If you have installed Ubuntu from scratch, most probably the java package is not installed by default. The java package is necessary to run any java-based app, including running java applets in the browser. While you may not use it it all the time, it is still handy to install it. When you need it, it is there ready to be used.
Sun JDK vs OpenJDK
In the past, Sun JDK was the default java package in Ubuntu. After Sun Microsystem was acquired by Oracle in 2010, Ubuntu (and various distros) switched the java package to the fully open-source OpenJDK as the SUN JDK no longer contain codes that are fully open-sourced.
OpenJDK is community-built and is (almost) 100% similar to the SUN JDK. You can easily install OpenJDK in Ubuntu via the Ubuntu Software Center, by clicking here or running the command:
sudo apt-get install openjdk-7-jre
Personally, other than some minor font rendering issue with OpenJDK, I have not experience any major problem with OpenJDK. That could also because I don’t use many java-based apps in the first place. However, if you have a specific java-based app that don’t run well in OpenJDK, you can switch to the SUN JDK instead. Here is how you do it:
The hard way
This method requires you to install SUN JDK 7 manually. It is a good way for you to learn the trick.
1. Download the SUN JDK 7 here to your home folder.
2. Extract the tar file.
3. Move the extracted file to the “/usr/lib/jvm/” folder:
sudo mv jdk1.7.0_04 /usr/lib/jvm/
4. Install SUN JDK 7 in your system:
sudo update-alternatives --install /usr/bin/javac javac /usr/lib/jvm/jdk1.7.0_04/bin/javac 1 sudo update-alternatives --install /usr/bin/java java /usr/lib/jvm/jdk1.7.0_04/bin/java 1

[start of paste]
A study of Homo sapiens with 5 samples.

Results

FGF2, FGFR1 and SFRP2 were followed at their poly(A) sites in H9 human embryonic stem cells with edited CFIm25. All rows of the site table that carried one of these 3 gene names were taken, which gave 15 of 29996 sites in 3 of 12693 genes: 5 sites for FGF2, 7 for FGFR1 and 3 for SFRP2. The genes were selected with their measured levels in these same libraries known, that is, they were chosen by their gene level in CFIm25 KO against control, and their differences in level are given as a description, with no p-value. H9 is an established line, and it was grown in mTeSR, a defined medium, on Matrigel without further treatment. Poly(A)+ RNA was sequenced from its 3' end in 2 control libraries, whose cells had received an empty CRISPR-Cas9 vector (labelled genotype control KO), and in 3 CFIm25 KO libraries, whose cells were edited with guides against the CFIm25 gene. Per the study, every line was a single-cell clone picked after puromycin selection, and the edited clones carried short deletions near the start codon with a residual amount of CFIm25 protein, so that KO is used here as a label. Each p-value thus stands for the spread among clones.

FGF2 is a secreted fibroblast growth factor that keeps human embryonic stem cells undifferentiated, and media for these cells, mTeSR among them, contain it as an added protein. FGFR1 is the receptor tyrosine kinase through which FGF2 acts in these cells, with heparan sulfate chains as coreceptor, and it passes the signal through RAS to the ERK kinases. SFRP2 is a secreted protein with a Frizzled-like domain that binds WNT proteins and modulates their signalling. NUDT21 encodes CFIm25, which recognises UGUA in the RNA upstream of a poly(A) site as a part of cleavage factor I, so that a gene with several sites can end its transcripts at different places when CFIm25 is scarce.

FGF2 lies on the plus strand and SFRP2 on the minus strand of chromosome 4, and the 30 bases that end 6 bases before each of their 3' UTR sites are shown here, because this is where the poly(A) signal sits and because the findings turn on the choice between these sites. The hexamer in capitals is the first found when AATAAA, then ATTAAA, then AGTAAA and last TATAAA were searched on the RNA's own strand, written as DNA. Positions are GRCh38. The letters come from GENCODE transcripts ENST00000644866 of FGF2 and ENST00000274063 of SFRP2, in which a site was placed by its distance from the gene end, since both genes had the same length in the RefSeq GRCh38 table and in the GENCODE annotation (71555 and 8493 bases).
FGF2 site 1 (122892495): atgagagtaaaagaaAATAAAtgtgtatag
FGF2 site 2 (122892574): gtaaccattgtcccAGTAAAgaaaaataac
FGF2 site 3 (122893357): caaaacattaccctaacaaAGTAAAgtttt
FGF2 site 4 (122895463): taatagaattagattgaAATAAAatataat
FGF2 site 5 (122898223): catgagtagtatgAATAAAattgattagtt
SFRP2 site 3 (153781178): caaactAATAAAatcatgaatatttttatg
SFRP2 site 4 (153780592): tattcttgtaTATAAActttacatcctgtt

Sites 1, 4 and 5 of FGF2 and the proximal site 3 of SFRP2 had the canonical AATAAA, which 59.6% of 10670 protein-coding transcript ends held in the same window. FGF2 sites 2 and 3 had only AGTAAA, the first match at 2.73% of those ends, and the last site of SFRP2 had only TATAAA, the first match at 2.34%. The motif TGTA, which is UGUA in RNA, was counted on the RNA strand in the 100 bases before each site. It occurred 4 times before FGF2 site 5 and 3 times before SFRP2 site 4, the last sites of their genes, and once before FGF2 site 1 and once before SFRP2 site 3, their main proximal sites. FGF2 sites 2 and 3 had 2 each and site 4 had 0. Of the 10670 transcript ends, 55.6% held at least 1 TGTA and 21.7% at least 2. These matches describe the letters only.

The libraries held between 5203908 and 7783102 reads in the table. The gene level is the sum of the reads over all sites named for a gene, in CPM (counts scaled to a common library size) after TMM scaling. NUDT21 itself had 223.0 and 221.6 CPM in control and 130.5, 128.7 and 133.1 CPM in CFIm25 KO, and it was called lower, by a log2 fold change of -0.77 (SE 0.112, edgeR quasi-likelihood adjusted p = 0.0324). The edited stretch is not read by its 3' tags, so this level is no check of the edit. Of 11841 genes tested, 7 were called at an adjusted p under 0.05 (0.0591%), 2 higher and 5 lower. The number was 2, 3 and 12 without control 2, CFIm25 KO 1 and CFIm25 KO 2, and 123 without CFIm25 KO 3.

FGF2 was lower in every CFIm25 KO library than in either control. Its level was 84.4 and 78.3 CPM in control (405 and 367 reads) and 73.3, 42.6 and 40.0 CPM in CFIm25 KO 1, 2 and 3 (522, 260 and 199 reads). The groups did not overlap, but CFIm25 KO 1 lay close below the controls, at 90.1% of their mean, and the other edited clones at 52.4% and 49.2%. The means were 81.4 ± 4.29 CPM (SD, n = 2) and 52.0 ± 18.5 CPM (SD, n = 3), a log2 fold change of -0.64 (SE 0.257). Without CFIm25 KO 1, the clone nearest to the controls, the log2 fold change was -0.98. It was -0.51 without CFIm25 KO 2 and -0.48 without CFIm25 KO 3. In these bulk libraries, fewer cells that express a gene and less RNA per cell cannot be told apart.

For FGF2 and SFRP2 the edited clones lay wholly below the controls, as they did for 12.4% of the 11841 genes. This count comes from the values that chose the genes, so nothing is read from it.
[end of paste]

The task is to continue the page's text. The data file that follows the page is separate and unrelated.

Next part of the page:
5. Set the environment variables:
sudo update-alternatives --config javac sudo update-alternatives --config java
You will see an option like the screenshot below:
Enter the option that corresponds to the SUN JDK package. Press Enter.
To test your java:
You should see something like this:
The easy way
If you don’t want to manually install the SUN JDK, you can do it via a PPA. Since there is no official PPA for SUN JDK, you will have to grab a custom PPA that comes with the java package. Note that custom PPAs might add extra software sources to the repository, and cause your system to be bloated or even have conflicts with other apps. So bear in mind the risk involved.
There are several PPAs out there that come with SUN JDK, one that you can use is “webupd8team/java”
sudo add-apt-repository ppa:webupd8team/java sudo apt-get update sudo apt-get install oracle-java7-installer
This should install SUN JDK 7 in your system.
Run Java applet in Browsers (Firefox, Chrome etc)
Even after you have installed the java package, you will find that the java applet in your browser won’t run. If you are using the OpenJDK, here is another package that you need to install:
sudo apt-get install icedtea-7-plugin
For Oracle java, run the commands:
mkdir ~/.mozilla/plugins ln -s /usr/lib/jvm/jdk1.7.0_04/jre/lib/i386/libnpjp2.so ~/.mozilla/plugins
If you are using a 64-bit system, remember to change the “i386″ to “amd64“.
Once install, restart your browser. The java applet should run now. To test if Java is working in your browser, go to http://java.com/en/download/testjava.jsp. If installed correctly, you should see a “Your java is working” message.